20 Puppet Shows up and running

I worked feverishly to move the video performances of our class puppets shows from my digital camcorder to a website this week, so that I could have the site up and running for students and their families this weekend (There are 20 puppet shows, with one still to go — it was delayed due to sickness of one student). I succeeded, but in order to do so, I had to abandon my plan to use my new classroom Mac to make the movies. I returned to familiar ground with my PC and Moviemaker.

Next time …

If you are wondering how I went about creating the puppet show online site:

  • First, of course, my students had to write and perform the plays. This began in early December with brainstorming, collaborative writing, puppet making, and then moved into January with performances;
  • I used my digital camcorder to record them, keeping the rest of the class quiet (which normally is difficult, to be honest, but for times when we are recording, they are wonderful). I keep considering the value of using my Flip Camera for this part of things, but I would have to download between classes, and that doesn’t seem feasible. Plus, I like the quality of video from the camcorder. The sound abilities of Flip are not quite there yet. Of course, sound is always an issue, and my digital camcorder does not have a jack for an external microphone, so kids need to be loud to be heard.
  • I moved the videos from the camcorder to my PC (I am still on XP, by the way), and then dumped the raw videos into MovieMaker, where I added a quick title.
  • In MM, I created a small video file movie (I use the 2.1 m output, which is good for web). This part of the process — creating 21 small movies, essentially — is the most tedious and the longest part of the entire process;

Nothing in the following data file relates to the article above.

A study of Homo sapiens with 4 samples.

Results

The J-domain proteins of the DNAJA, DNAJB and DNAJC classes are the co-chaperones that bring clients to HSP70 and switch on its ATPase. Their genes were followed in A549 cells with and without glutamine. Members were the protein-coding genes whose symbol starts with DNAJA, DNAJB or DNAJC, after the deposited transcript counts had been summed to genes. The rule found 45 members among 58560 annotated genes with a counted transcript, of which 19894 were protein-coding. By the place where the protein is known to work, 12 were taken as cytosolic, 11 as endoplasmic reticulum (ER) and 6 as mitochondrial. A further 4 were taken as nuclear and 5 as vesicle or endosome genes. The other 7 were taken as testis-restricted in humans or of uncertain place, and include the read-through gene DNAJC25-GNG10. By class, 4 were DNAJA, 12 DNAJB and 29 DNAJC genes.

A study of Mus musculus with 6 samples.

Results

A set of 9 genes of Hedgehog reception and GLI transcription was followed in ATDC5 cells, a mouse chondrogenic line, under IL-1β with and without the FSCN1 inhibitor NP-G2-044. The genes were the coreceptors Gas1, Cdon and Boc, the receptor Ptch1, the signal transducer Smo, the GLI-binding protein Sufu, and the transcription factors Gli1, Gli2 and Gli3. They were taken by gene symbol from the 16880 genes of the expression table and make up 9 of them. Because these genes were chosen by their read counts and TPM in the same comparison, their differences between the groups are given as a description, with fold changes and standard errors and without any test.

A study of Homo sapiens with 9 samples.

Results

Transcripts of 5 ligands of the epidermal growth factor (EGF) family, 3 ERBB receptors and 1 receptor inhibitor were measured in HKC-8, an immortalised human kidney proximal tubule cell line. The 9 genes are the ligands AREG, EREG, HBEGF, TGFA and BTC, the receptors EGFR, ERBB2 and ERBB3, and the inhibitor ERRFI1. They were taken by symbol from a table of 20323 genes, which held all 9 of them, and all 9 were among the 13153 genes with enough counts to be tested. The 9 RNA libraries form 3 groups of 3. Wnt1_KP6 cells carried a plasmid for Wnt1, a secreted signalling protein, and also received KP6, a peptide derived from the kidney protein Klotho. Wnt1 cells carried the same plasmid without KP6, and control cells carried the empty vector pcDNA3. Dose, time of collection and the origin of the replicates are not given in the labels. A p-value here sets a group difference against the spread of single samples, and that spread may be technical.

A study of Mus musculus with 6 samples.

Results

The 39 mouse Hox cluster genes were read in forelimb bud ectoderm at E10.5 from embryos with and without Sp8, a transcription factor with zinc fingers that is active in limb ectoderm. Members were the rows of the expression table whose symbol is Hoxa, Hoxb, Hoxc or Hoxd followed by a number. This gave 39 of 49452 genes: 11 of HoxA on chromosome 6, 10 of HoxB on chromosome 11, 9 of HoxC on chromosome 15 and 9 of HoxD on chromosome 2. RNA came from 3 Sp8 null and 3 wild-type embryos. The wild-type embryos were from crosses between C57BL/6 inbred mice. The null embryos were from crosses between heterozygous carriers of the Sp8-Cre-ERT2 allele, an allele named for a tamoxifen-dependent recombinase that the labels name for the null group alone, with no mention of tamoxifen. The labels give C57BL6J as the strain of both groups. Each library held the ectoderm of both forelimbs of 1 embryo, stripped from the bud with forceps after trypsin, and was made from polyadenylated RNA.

• I uploaded the videos into my Vimeo account. I pay for an advanced Vimeo account because I want to do different things, including removing all returning links to Vimeo. I just want to the video for embedding and that is it. But there is a free Vimeo account you can get and I have been happy with the hosting of all of my videos there, so far;
  • I went into WordPress.com and set up a free blog site (actually, I returned to the site I used last year, and made a new theme for this year). One of the nice things about WordPress is that it integrates perfectly with Vimeo, so all you need to do is grab the video number from Vimeo and use a macro shortcut [vimeo xxxxxx] and the video embeds automatically. I also tinker with the settings of the WordPress site so that there are NO auto-generated links to other related sites. This means turning off the option for making my site available for search engines. Since we are talking a school site, I don’t want any unsavory links to other sites popping up. Now, with WordPress.com, there is a possibility of advertising, but none of the handful of sites that I have used have had any advertising on it. Probably, there is not enough traffic. But it is something to keep an eye out on. (I also have an adblocker, so if you see ads at my site, please be a friend and let me know)
  • I add the videos under “categories” so that I can group them by class (I teach four classes) and then archive the previous year’s puppet shows under its own category.

And, the Puppet Show site is ready for viewing!

Peace (in the puppets),

PS — Here is a funny one — Sit On Your Head Day:

One Comment
  1. Thanks for sharing your process. I couldn’t follow some of what you did “grab the video number from Vimeo and use a macro shortcut [vimeo xxxxxx]” but that’s okay. I have a few more things to learn. Maybe 2010 will be the year, we’ll see.